No majority for Tories in General Election

Theresa May’s decision to hold a snap election has resulted in a hung Parliament, after the Conservative Party fell short of the 326 seats needed for a majority in the Commons.

Holding the election on 8 June in an attempt to strengthen her hand in EU Brexit negotiations, the Prime Minister has overseen a loss of Conservative seats across the country, rather then increasing her majority as many predicted a couple of months ago.

With four seats left to announce at the time of writing, it is widely expected that the Conservative’s will have won 318 seats, 13 short of its total in 2015 and short of an overall majority. In what must have been a shock for Tory leadership, seven Conservative ministers were among those who lost their constituency seat, with Financial Secretary to the Treasury Jane Ellison, Housing Minister Gavin Barwell, Charities Minister Rob Wilson, Cabinet Office Minister Ben Gummer, former Northern Powerhouse Minister James Wharton, Health Minister Nicola Blackwood and Treasury Minister Simon Kirby all losing their seats.

In one of the closer counts of the night, Home Secretary Amber Rudd hung on in Hastings and Rye, after a recount, by just 346 votes, while May herself was re-elected as Maidenhead MP with 64.8 per cent of the vote, defiantly saying that the country needed ‘a period of stability’.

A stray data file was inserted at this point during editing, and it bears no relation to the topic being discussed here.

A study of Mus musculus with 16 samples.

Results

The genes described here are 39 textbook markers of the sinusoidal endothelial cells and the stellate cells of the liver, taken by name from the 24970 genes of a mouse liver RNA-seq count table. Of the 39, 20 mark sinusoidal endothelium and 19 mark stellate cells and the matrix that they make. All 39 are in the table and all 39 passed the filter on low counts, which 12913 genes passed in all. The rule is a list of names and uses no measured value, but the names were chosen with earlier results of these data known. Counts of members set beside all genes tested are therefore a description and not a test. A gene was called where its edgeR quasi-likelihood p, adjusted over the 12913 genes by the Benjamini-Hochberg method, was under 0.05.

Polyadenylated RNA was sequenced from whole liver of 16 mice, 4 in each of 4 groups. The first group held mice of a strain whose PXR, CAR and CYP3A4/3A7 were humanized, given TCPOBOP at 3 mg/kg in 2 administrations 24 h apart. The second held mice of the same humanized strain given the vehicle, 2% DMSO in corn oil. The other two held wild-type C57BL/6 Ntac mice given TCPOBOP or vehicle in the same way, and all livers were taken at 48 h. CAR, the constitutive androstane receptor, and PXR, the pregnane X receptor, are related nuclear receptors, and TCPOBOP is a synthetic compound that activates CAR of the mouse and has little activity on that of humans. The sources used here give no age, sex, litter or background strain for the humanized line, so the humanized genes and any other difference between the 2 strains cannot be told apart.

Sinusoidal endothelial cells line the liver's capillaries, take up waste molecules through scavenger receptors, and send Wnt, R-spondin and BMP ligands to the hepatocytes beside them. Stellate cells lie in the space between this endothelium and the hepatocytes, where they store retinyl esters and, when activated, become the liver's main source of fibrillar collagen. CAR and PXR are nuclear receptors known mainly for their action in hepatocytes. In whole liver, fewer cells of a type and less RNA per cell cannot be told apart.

It is not all bleak news for Theresa May’s party though, as the Conservative’s have won 12 seats off of the Scottish national Party, who remain the largest party in Scotland, despite then Scottish Tory surge. Former SNP leader and former First Minister Alex Salmond was one of those SNP candidates unseated, losing his Gordon seat to the Conservatives' Colin Clark on swing of 20 per cent. SNP Westminster leader Angus Robertson also lost out in Moray.

On the other hand, Jeremy Corbyn, the Labour leader who has campaigned with a very public service-centred manifesto, has seen his party gain (at least) 29 seats, 23 of which were won from previously Conservative held seats.

Upon being re-elected to his Islington North seat, Corbyn said that people have had ‘quite enough of austerity politics’, before urging the Prime Minister to ‘go and make way for a government that is truly representative of this country’.

The Liberal Democrats have re-secured some of the seats that they dramatically lost in 2015, but enjoyed a mixed night of results. Leading party figures, such as Vince Cable and Ed Davey have re-emerged in the Liberal Democrat dominated South West London - although Sarah Olney marginally lost her recently gained Richmond Park seat to Conservative Zac Goldsmith by a mere 45 seats. Former party leader and Deputy Prime Minister Nick Clegg also lost his Sheffield Hallam to labour’s Jared O’Mara, in what was a surprise victory, while party leader Tim Farron retained his Westmoreland and Lonsdale seat. Prominent party figure and local health campaigner Norman Lamb also retained his Norfolk North seat.

In other news, Green Party co-leader Caroline Lucas increased her majority in Brighton Pavillion, while UKIP leader Paul Nutgall came third in Boston and Skegness, gaining only 3,308 votes.

Turnout for the 8 June election is up by two per cent to 69 per cent - the highest since 1997. A record number of female MPs have also been elected, with more than 200 women in elected to this Parliament, outnumbering the 196 women elected in 2015.